Guideline allows comprehensive sentencing for S’wak wildlife crimes
Desiree David, Borneo Post
June 17, 2022
KUCHING: Sarawak courts now have a comprehensive sentencing for wildlife
crimes now that the ‘Sentencing Guidelines for Wildlife Crimes in Sarawak’
document has been launched.
Chief Justice of Sabah and Sarawak Tan Sri Dato Abang Iskandar Abang Hashim
was on hand to launch the document at the court complex here yesterday.
The Sentencing Guidelines for Wildlife Crimes is an initiative of the
Sarawak High Court through Sarawak Working Group on Environment (SWGE),
which started in 2020 with technical support from World Wildlife
According to WWF-Malaysia executive director Sophia Lim in her welcoming
remarks presented by its conservation director Dr Henry Chan during the
launch yesterday, the document was a significant progress in the state’s
effort to address the challenges in meting out consistent and appropriate
sentences on offenders of wildlife crime.
“The illegal wildlife trade is huge and is worth tens of billions, and
globally, it ranks fourth after drugs, human trafficking, and arms
“We are delighted that the courts in Sarawak are seeing the gravity of
wildlife crimes and are doing their very best to improve their knowledge
and help save our wildlife,” she said.
Lim also hoped that imposing a heavy penalty in appropriate cases would go
a long way to deter wildlife crimes from recurring.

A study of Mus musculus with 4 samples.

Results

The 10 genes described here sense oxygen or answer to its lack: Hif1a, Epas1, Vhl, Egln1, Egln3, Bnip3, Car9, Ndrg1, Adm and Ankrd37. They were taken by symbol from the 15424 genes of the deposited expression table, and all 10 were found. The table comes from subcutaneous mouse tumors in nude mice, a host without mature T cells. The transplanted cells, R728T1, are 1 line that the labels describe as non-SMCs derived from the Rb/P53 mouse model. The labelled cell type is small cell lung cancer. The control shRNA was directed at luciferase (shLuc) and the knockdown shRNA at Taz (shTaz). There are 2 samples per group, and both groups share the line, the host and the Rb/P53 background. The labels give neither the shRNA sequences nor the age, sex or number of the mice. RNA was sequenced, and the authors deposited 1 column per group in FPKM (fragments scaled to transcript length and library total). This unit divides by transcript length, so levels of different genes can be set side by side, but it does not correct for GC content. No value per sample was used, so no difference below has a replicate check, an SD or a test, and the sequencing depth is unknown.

“Together with SWGE, we thank all participating agencies notably the state
Attorney-General Chambers and Sarawak Forestry Corporation for providing
valuable statistics and input during the formulation of the guideline,” she
The Environmental Court was established on Sept 3, 2012 to ensure
uniformity of decision-making on environmental cases, besides improving the
administration of justice in such cases.
Sentences meted out for wildlife crime cases by the courts however are
inconsistent and therefore, insufficient to deter such crimes from
recurring, which would result in potential irreversible loss of wildlife
Therefore, a series of consultations to review the guideline were held this
year involving the judiciary, wildlife law enforcement agencies, and
environmental non-governmental organisations (NGOs).
The guidelines will assist judges pass fair and consistent sentences which
commensurate with the nature of wildlife crime and also help advance the
implementation of the environmental court in the state.
While these guidelines can be binding upon the courts, they are permitted
to depart from the guidelines whenever appropriate and exercise judicial
discretion on the sentencing.
Head of SWGE Judge Jason Juga, Sarawak Courts director Judge Steve Ritikos,
and registrar of the High Court of Sabah and Sarawak Judge Nixon Kennedy
Kumbong were also present at the launching ceremony.